Aasha Khosa/New Delhi
Khalid Jahangir, a prominent political activist and author from Kashmir, says he feels most proud of being an Indian Muslim while traveling abroad. “Unlike the passports of other Muslims from Islamic countries that have symbols of aggression like a sword or a falcon imprinted on the cover or have a green background to suggest a religious link, my Indian passport has Satyamev Jayate (Truth Triumphs everywhere) embossed on it.”
“Satyamev Jayate is a slogan that connects all Indians and rather all humans and has no religious undertone. My passport says I am an Indian and that is my most important identity and not my religion, which is something personal,” says Khalid Jahangir, author of the books, They snatched my playground and Why Article 370 had to go?
The cover of Khalid Jehangir's book, They Snatched my Playground
Speaking with Awaz-the Voice, the 46-year-old politician from Kashmir’s Ganderbal area said, at all the international airports he walks in easily after normal questioning at the Immigration counter while he sees many citizens of Muslim countries like Pakistan and Syria, including their top officials, being made to stand in a separate queue for further verification of their antecedents on passports.
This is because immigration and security officials don’t perceive India as a hotbed of terrorism or radical ideology and therefore a Muslim from that country as a threat to the country's sovereignty. During his recent visit to Europe, he was embarrassed to see a Pakistani delegation being asked to queue up separately for elaborate questioning and verification of their antecedents.
“India passport gets one respect while many Muslim passport holders of Islamic countries are seen with suspicion,” he said.
Jahangir, chairman of the International Centre for Peace Studies (ICPS), a Delhi-based thinktank, is a frequent traveler. He says “While interacting with others at the conferences he has discovered that being an Indian Muslim conjures up a different image in the eyes of the beholder in comparison with Muslims from other countries.”
Khalid Jehangir in Washington, DC, USA
Being a Kashmiri, he says, his homeland has seen violence and the involvement of a lot of youth in terrorism. However, he says unlike terrorism and Islamic insurgencies elsewhere, the Kashmiris were handed over arms and ammunition by Pakistan and they didn’t sell their assets for the passion of fighting.
Though Kashmir was besieged by terrorism and violence for nearly three decades, yet the situation there is unlike in other terrorism hotspots like Yemen or Syria.
He says on closer scrutiny of Kashmir’s turmoil, one will find that no person had even sold an inch of land for the so-called jihad. “A Kashmiri (Muslim) or for that matter any Indian Muslim doesn’t invest in bloodshed. He has been given arms by Pakistan.”
As against this, he said he knows how after 9/11 Muslims in Iraq, Syria, and other Islamic countries, including Osama bin Laden sold their everything to buy arms for what they think is Jihad. “Here, even Burhan Wani, who is the poster boy of jihad in Kashmir for Pakistan didn’t sell anything to buy the gun; he was given one.”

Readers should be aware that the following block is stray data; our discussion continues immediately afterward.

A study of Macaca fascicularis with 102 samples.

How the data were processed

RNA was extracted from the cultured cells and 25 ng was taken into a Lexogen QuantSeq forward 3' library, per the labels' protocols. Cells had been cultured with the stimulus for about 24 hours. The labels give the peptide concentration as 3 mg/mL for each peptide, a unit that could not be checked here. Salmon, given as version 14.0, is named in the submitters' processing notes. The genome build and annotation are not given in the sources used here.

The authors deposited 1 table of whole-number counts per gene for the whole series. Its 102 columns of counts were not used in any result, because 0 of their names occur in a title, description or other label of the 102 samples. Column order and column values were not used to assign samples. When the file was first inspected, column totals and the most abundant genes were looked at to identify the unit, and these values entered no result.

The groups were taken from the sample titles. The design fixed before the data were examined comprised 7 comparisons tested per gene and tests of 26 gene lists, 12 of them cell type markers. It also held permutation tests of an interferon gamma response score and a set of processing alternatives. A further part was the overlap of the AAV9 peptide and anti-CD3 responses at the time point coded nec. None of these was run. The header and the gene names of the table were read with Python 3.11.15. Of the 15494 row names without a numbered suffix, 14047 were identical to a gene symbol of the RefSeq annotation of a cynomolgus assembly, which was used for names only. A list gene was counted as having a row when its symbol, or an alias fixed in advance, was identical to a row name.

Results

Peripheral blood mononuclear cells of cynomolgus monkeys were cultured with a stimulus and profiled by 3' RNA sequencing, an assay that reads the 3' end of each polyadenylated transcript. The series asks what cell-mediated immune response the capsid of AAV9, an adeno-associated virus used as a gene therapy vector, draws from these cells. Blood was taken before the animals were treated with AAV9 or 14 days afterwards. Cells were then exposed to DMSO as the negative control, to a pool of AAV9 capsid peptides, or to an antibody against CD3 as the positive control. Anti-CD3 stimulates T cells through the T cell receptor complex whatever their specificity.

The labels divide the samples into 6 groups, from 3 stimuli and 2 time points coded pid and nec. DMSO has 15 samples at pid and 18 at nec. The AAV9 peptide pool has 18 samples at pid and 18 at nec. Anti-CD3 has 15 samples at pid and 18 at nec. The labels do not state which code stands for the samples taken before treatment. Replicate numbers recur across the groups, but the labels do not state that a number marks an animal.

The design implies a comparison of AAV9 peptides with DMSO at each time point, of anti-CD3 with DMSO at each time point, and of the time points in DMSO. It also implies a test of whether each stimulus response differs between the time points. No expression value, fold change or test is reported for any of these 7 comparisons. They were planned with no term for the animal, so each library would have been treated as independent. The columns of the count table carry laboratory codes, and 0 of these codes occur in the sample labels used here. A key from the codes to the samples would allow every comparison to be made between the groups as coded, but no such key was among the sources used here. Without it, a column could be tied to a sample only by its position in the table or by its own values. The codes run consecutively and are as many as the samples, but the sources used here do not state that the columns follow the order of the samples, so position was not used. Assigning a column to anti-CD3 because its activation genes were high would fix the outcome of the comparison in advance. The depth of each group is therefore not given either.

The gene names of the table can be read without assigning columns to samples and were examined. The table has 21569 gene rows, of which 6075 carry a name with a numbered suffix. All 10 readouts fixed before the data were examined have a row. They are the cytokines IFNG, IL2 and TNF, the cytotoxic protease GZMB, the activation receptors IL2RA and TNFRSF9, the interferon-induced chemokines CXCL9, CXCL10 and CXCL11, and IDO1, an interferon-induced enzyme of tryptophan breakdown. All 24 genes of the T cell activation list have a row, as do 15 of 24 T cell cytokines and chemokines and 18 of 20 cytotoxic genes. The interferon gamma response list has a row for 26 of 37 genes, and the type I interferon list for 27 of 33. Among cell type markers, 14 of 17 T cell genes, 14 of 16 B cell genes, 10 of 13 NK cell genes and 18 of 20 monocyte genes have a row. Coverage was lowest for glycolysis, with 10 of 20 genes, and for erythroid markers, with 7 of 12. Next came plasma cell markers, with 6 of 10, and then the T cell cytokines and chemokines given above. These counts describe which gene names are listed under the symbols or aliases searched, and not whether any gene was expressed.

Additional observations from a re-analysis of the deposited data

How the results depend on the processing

He however says Kashmiri Muslims have a distinct identity and thought process that is different from other Muslims in the country. “Kashmiri Muslims never show their love of Mughals for it was Akbar who exiled last of the Kashmiri King Yusuf Shah Chak, (Kashmiri King who ruled from 1579 to 1586) and who lies buried in Bihar (Biswak village in the Nalanda district).
Our culture is different from the Indian Muslims in the food, social traditions, and of course language. “Some of them carry the burden of Mughal rule while Kashmiris hail their Brahmin ancestry and even know the names of their Hindu ancestors. Also, Islam came to Kashmir in a benign way and not through coercion”
Kashmiri Muslims are not burdened with the sense of history that their ancestors were oppressors, he feels.
Jehangir says while traveling across India he gets this feeling that the Indian Muslims feel threatened by the majority of Hindus, their ideas and their ways of life, temples, rituals, etc. but Kashmiri Muslims lived comfortably with all these till Pakistan interfered through armed insurgency in 1989.
Khalid Jehangir in the USA
Jehangir says Indian Muslims are lucky to be living in this land of huge diversity. “Whichever state or the UT I go to, I come across so many different cultures, languages, languages, and food. This is the best environment for our children.”
He however regrets that Kashmir is the only part of the country where this diversity is missing. “I grew up with (Kashmiri) Pandits neighbours and seeing diversity as it existed till 1989 but I feel sad that my children didn’t get that environment.”
Jehangir and his wife Susan, who hails from Tamil Nadu, got married in 2002. They are parents to two daughters. Susan is a qualified engineer and works with a prestigious school in Srinagar. Their elder daughter Sophia is headed abroad for her undergrad studies and the younger one, Riana, is in school.
He says, people studying Kashmir and terrorism must realize that the diversity of Kashmir was the first target of Pakistan. Pakistan pumped in a lot of money in Kashmir to spread the hate of Hindus like calling them Butparast (idolators) before launching the insurgency, Khalid Jehangir says.
"For this reason, even before they (Terrorist groups) started attacking leaders, they killed Kashmiri Hindus causing their exodus.”
He also blamed some Kashmiri leaders for supporting this idea of Pakistan to keep “the two-nation theory alive.”
Khalid Jehangir said Muslims in India might face an occasion problem because of social factors, but, in his experience, neither he nor his children have ever faced institutional bias for their religion.